In January 2021, the general counsel of Coca Cola sent a letter to the law firms that represent it. The letter demanded, among other things, that these firms “commit that at least 30% of each of billed associate and partner time will be from diverse attorneys, and of such amounts at least half will be from Black attorneys.”
To enforce this demand, Coke’s general counsel warned that failure to comply on a given new legal engagement over two quarterly reviews “will result in a non-refundable 30% reduction in the fees payable for such New Matter going forward until the commitment is met and, continued failure may result in your firm no longer being considered for. . .work.” Meeting Coke’s diversity requirements will also “be a significant factor in determining. . .inclusion and ongoing status on [Coke’s soon-to-be -released] panel” of “preferred firms.”
Except in very limited circumstances, it is illegal for an employer to make hiring, staffing, and assignment decisions based on race. It is also illegal for a company to require its contractors to do so. If a company demanded that law firms staff its matters with only White attorneys, no one would deny the illegality of the mandate.
What is Coke’s basis for imposing quotas on its law firms? The general counsel’s letter expresses alarm over the color of the “new partner headshots” he sees on law firms’ websites. He claims that at the rate things are going, the representation of Black equity partners at law firms won’t reach parity with Black representation in the U.S. population until 2391.
But racial quotas can’t be justified based on a gap between the percentage of Blacks among law firm partners and the percentage of Blacks in the general population. Law firm partners aren’t selected from the general population, they are selected, by and large, from the population of law firm associates, partners at other firms, and high-ranking lawyers at corporations.
Black representation in that population is way below such representation in the general population.
Law firm associates aren’t selected from the general population, either. Big law firms choose their associates mostly from the pool of graduates with good grades from good law schools. Black representation in that population is less than Black representation in the general population.
In fact, according to the ABA’s 2019 report, Blacks make up only 5 percent of Americans licensed to practice law. Yet, Coke demands that Blacks account for 15 percent of billable hours on its work. In other words, it is demanding that law firms deploy Blacks in wildly disproportionate numbers under any non-frivolous legal analysis.
It’s also worth noting that Black representation even in the general U.S. population is less than 15 percent. Yet, Coke has set its requirement for Black representation on its matters (in terms of hours billed) at 15 percent.
Coke’s demand that 30 percent of billable hours go to “diverse” lawyers is also curious. The general counsel’s letter does not provide any indication — even a frivolous one — that racial/ethnic groups other than Blacks are underrepresented at the law firms it uses.
Before firms lawfully should even think about making hiring, staffing, and assignment decisions based on race or ethnicity — and before their clients can lawfully demand this — there must be clear evidence of past racial discrimination by law firms. Under a 1979 Supreme Court decision, United Steelworkers v. Weber, discrimination can be justified “to eliminate manifest racial imbalances in traditionally segregated job categories” where “the plan is a temporary measure [and] it is not intended to maintain racial balance, but simply to eliminate a manifest racial imbalance.” An “absence of any reference to or showing of past or present discrimination in the [relevant] industry is fatal” to a racially discriminatory program. Schurr v. Resorts Int’l Hotel, Inc., 196 F.3d 486, 497 (3rd Cir. 1999). [Note: The original version of this post mistakenly attributed the language of the preceding sentence to the Supreme Court.]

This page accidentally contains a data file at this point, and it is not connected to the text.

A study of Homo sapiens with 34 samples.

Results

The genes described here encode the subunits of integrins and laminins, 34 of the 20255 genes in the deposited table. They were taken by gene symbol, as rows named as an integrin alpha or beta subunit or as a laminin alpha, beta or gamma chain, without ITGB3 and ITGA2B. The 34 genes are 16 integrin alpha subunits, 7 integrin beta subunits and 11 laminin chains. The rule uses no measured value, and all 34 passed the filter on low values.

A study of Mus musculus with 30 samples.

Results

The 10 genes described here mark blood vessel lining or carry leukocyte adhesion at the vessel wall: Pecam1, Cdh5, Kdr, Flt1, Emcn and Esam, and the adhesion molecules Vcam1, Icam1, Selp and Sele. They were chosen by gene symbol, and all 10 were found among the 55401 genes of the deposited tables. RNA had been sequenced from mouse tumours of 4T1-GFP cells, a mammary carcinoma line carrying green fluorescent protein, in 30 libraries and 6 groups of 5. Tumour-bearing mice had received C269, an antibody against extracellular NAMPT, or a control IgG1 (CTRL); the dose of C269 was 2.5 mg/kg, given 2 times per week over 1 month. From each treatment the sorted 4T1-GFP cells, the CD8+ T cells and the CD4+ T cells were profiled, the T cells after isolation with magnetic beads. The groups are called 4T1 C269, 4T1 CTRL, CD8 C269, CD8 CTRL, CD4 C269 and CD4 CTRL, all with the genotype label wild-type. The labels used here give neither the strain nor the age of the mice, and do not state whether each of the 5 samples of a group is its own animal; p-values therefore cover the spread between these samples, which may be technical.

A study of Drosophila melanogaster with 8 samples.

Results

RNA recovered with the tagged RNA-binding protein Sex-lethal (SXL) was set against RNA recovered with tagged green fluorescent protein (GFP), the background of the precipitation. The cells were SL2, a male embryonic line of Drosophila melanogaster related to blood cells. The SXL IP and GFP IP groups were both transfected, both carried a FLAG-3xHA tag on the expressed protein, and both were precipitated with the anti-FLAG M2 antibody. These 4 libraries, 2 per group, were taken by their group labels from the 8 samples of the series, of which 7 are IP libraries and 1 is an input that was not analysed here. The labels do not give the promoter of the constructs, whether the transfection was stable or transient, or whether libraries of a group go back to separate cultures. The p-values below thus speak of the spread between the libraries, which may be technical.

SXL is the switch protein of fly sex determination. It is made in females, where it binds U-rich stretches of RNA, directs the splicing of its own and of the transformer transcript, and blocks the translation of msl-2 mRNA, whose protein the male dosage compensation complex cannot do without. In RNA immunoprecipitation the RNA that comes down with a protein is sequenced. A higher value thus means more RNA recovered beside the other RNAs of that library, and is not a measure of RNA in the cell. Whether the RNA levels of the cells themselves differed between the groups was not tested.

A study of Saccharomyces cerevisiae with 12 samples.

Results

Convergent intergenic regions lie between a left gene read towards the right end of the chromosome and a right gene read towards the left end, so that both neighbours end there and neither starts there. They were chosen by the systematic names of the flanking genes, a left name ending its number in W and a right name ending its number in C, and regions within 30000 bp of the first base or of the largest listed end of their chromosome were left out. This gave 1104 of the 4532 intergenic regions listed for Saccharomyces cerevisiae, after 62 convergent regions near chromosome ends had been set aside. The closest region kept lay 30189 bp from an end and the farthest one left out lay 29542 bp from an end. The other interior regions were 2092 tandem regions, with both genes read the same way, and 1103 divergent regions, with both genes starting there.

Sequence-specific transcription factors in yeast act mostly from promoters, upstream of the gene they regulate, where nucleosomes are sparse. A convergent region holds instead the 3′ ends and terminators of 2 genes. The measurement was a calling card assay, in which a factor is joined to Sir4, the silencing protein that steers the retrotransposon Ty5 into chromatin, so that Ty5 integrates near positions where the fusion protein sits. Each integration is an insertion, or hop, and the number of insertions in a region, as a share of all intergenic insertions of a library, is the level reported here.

Coke’s letter cites no past or present discrimination in the legal industry. It does not point to any manifest imbalances in Black representation at the law firms it utilizes. And it does not tie its discriminatory program to any reasonable measure of imbalance.
Nor, of course, does Coke suggest that it has a history of selecting law firms in a racially discriminatory manner.
Finally, Coke’s letter does not describe a “temporary measure.” The letter describes a quota regime of indefinite duration.
In fact, it promises a quota regime that will become more onerous over time. Law firms will be expected to increase the percentage of hours billed by Blacks and “diverse” lawyers as a whole to 25 percent and 50 percent, respectively.
Coke has brazenly announced that it is basing contracting decisions on race. Based on race, it will decide which firms to continue doing business with and how much the firms will be paid. Coke will pay firms that make race-based assignment decisions more for the same work than firms that don’t discriminate in this manner.
Coke has made it clear that its decision to rely on race is unmoored to findings of discrimination, past or present. It has done so by setting its racial quotas at a levels that do not measure discrimination.
Accordingly, Coke is vulnerable to being sued for racial discrimination. So are the individuals at the company who are behind its discriminatory policy. They can be held personally liable under Section 1981 of the Civil Rights Act of 1866.
Coke can take comfort from the fact that no law firm is likely to sue the company or its officers. Similarly, no lawyer at one of these firms is likely to challenge Coke’s practice.
However, I invite anyone with knowledge about how Coke’s policy is being implemented at law firms and/or the effects of that implementation to email us at Power Line. Requests for anonymity will be honored.